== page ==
No, Trump Did Not “Deny” Reports That He Tried to Fire Mueller

President Donald Trump said, “Fake news,” when asked about a New York Times report revealing that he’d ordered the firing of Special Counsel Robert Mueller.
Jeff Widener/ZUMA

“Fake news. Fake news. Typical New York Times. Fake stories,” the president, who is in Davos, Switzerland, told reporters when asked about the story. Trump did not address the specific allegations in the report.
But that was good enough for the Associated Press to declare in a headline, “Trump denies Times report that he ordered Mueller fired.” CNN, ABC, and the Daily Caller all announced that Trump had denied the Times’ findings. (Mother Jones wrote that that Fox News hosts “parroted Trump’s denial of the report on Friday as ‘fake news.’”)
But here’s the problem. Trump didn’t specifically deny that he had ordered Mueller’s firing, the main contention of the Times story. Trump merely repeated a phrase, “fake news,” to which he has applied a range of meanings.
In an October story, Politifact detailed some of the ways Trump uses “fake news”:

Since the beginning of 2017, President Trump has invoked the phrase “fake news” on 153 separate occasions. Virtually every instance has been in response to critical news coverage.
Trump has used it when he felt he wasn’t getting enough credit for positive actions, such as helping Puerto Rico recover from Hurricane Maria. “We have done a great job with the almost impossible situation in Puerto Rico. Outside of the Fake News or politically motivated ingrates,” he said on Twitter.
He’s used the term after news channels simply reported what he said, such as his comments about white supremacists in Charlottesville, Va. “The only people giving a platform to these hate groups is the media itself, and the fake news,” Trump said at a campaign-style rally in Phoenix.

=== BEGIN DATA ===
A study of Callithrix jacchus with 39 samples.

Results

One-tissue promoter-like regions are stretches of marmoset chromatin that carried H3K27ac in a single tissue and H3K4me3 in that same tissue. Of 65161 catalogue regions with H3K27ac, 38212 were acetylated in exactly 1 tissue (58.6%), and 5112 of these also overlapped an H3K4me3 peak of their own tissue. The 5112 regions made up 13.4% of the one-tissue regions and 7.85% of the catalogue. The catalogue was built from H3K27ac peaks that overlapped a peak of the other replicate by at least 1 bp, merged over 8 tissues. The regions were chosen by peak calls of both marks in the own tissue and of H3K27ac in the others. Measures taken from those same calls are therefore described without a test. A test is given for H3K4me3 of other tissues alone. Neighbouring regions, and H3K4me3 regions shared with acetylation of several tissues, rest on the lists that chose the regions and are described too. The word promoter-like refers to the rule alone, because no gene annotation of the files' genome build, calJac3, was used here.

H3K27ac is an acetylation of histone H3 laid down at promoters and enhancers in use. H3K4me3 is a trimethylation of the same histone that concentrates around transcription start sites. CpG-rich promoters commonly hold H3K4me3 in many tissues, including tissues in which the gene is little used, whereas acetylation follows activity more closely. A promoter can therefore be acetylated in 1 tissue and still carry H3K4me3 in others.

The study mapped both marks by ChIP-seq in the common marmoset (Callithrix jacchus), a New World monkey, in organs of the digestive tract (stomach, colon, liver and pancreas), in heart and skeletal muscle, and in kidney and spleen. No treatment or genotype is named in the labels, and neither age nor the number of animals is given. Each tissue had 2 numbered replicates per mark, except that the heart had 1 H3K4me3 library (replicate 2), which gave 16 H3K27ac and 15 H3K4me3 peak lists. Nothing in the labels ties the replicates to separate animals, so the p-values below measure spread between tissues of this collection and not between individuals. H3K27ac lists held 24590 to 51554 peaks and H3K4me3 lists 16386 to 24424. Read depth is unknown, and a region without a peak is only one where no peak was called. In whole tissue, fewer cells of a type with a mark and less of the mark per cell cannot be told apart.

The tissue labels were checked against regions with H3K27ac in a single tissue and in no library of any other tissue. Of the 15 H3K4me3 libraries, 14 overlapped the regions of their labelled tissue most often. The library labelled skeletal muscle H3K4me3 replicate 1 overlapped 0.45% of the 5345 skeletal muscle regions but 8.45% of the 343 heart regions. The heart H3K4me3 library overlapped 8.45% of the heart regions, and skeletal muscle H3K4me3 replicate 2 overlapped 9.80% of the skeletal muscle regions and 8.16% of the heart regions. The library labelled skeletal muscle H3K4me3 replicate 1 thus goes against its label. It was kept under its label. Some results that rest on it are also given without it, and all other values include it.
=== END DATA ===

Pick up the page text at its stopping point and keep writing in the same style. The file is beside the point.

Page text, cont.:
And he’s used the term [repeatedly] when news organizations have covered basic facts about the government’s own investigations into Russia’s influence on the 2016 election. “It is the same Fake News Media that said there is ‘no path to victory for Trump’ that is now pushing the phony Russia story. A total scam!” Trump said on Twitter.

To be sure, Trump has at times used the term to talk about articles he actually claims are inaccurate. But his promiscuous use of the phrase leaves it with no real meaning. As Steve Coll wrote last month in the New Yorker, Trump’s “definition of ‘fake news’ is credible reporting that he doesn’t like.”
When Trump calls the Times report “fake news,” he might be saying he thinks it treated his concerns about Mueller’s alleged conflicts of interest too dismissively, or that he simply doesn’t like the story. His response is a classic “non-denial denial.” That’s a term for when the subject of a story issues a dismissive statement to the media without actually denying the report.
Trump has also described as “fake news” articles that rely on unnamed sources, as the Times piece does. This is a common media criticism. The idea is that readers should be skeptical of stories with unnamed sources, since others cannot easily verify the accuracy of their claims. But a gripe that an article uses anonymous sources is not an assertion that the article is false.
Indeed, the Times report was quickly confirmed by the Washington Post, the Wall Street Journal, Politico and others. Even Fox News confirmed it. The White House and McGahn have not disputed it. Trump’s friend Christopher Ruddy, the owner of Newsmax, a conservative publication, also told reporters last June that Trump was considering firing Mueller. The story seems solid. 
Trump may has avoided a direct denial of the story because an overt lie about an effort to fire the head of an investigation into him could be used by Mueller to demonstrate that Trump had intent to obstruct justice. Lying about the attempt could show that Trump was aware his actions were improper.
Yet Trump also obviously wanted to downplay the Times story. By labeling the scoop “fake news,” Trump obfuscated while giving his supporters something to rally behind. When publications describe Trump’s non-denial as a denial, they are unwittingly assisting him in this effort.